The Immortal Irishman: The Irish Revolutionary Who Became an American Hero

Image of The Immortal Irishman: The Irish Revolutionary Who Became an American Hero
Release Date: 
February 29, 2016
Houghton Mifflin Harcourt
Reviewed by: 

In the 19th century there were many individuals who could be considered larger than life, particularly in the United States. As well, there are many segments of our society thatshould be familiar with Thomas Francis Meagher, the subject of this biography, not the least of whom are the Irish who came here following the Great Hunger in the 1840s.

Author Timothy Egan has written a biography that not only traces the life of his subject but also provides extensive context in the way of Irish history to better understand what made Meagher who he was: a rebel resisting the persecution and oppression of the Irish by the English over the course of several centuries. Egan details many of the laws, acts, and events by which this occurred and his hope for an eventual self-governing country.

Thomas Francis Meagher (pronounced Mar) was one of those unique and unusual characters whose life can be defined or described in a multiplicity of ways: man of letters, orator, freedom fighter, revolutionary, soldier, statesman, and government official.

Interestingly enough, Meagher was born in Ireland of considerably more means than many of his own people. He was able to attend exclusive schools yet became caught up in the struggle of the Irish against their English oppressors. Eventually banished (“transported”) for life to Tasmania for his political activities as the Hunger reached its apogee, Meagher was able to escape the island and land in the United States.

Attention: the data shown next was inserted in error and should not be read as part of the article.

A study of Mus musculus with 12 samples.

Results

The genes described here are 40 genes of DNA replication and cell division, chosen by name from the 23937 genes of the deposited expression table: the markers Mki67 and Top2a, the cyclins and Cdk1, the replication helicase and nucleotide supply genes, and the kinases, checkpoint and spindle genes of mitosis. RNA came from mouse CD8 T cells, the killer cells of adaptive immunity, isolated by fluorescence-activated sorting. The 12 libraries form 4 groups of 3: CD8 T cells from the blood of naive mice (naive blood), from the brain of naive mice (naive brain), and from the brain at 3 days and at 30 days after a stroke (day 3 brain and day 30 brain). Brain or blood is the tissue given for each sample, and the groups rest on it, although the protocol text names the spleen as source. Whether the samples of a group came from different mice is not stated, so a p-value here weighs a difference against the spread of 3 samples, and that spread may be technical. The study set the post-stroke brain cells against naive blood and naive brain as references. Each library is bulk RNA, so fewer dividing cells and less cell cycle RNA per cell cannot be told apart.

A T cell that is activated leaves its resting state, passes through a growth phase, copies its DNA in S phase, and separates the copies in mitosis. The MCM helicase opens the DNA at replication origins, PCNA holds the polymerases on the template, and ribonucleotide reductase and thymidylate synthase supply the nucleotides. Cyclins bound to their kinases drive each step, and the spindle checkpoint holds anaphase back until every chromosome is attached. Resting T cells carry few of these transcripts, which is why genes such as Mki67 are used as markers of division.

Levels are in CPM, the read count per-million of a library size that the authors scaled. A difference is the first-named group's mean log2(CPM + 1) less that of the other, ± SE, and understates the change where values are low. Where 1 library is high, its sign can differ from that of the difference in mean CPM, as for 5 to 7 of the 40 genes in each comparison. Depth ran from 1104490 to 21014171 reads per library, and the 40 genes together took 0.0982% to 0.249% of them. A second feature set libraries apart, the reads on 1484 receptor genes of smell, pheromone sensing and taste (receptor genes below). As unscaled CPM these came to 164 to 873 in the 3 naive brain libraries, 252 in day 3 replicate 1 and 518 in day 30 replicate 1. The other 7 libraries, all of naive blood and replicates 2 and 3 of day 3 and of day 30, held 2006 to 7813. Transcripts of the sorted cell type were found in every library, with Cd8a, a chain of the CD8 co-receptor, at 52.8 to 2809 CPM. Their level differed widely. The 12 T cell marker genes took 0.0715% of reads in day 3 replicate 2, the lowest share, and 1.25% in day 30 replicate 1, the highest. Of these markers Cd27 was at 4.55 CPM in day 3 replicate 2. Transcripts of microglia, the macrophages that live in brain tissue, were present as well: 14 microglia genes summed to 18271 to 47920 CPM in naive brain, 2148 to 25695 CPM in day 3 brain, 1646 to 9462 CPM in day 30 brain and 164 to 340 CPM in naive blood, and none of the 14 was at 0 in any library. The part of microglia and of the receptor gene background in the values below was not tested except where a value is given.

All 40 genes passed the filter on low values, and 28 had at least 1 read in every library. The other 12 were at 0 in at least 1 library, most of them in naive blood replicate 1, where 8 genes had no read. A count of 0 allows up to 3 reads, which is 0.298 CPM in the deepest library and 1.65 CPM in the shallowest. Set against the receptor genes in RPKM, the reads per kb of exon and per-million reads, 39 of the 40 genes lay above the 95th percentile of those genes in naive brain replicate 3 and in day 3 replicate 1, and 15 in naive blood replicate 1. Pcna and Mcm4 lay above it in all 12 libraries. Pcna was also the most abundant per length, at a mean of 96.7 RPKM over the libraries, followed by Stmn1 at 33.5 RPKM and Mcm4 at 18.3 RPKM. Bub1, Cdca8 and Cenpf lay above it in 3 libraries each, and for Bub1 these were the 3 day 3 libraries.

Hailed as a hero by the Irish in this country, he was still a wanted fugitive, unable to return to Ireland. He turned his efforts in the 1850s to being a leader and symbol of Irish nationalism in the hope of leading a return to his native land to finally eject the English.

As the United States descended into sectionalism, he became convinced that his adopted homeland should not suffer the moral degradation of slavery. Once the conflict had begun, Meagher led his countrymen into battle as a general at the head of what became one of the most renowned formations in the Union Army: The Irish Brigade.

After the brigade was decimated at the Battle of Fredericksburg, Meagher resigned his commission but later served in the west, a period about which many know little or are not aware. Postwar, there was also a failed attempt at holding parts of Canada hostage to force concessions from the English, but it was poorly organized and supported with Meagher having nothing to do with it.  

With his fame and renown, Meagher was appointed de facto governor of the new Montana Territory where he butted heads with the so-called Committee of Vigilance, which enforced its own lawless version of law and order.

As recounted by the author, the mystery of Meagher’s demise is still unresolved, although there was an effort in recent years to determine the cause of his death. Egan largely discounts any accidental cause or notion of suicide on Meagher’s part, believing that the Vigilantes were involved in murder. Meagher was eventually honored by the state of Montana with an equestrian statue in Helena.

This is an easily read and informative book that will hold the reader’s interest, given the nature of its subject. If there is any criticism to be made, it would be that there are only a relatively few illustrations interspersed through the book. One would have hoped to see more.

There are no footnote citations, and the endnotes force the reader to personally determine the source of information found within each chapter. As it is, the notes are essentially the bibliography as the book lacks a formal one.

Otherwise, Timothy Eagan, a National Book Award winner, has combined his admirable writing style with his considerable grasp of not only his subject but also Ireland and the tragic travails of its people who now have their own Republic of Ireland, established in 1923.

For those, Irish or not, interested in the proverbial rollicking good story, this book should be on one’s short list as Meagher was, again, one of those larger than life figures who easily packed more than most into one lifetime.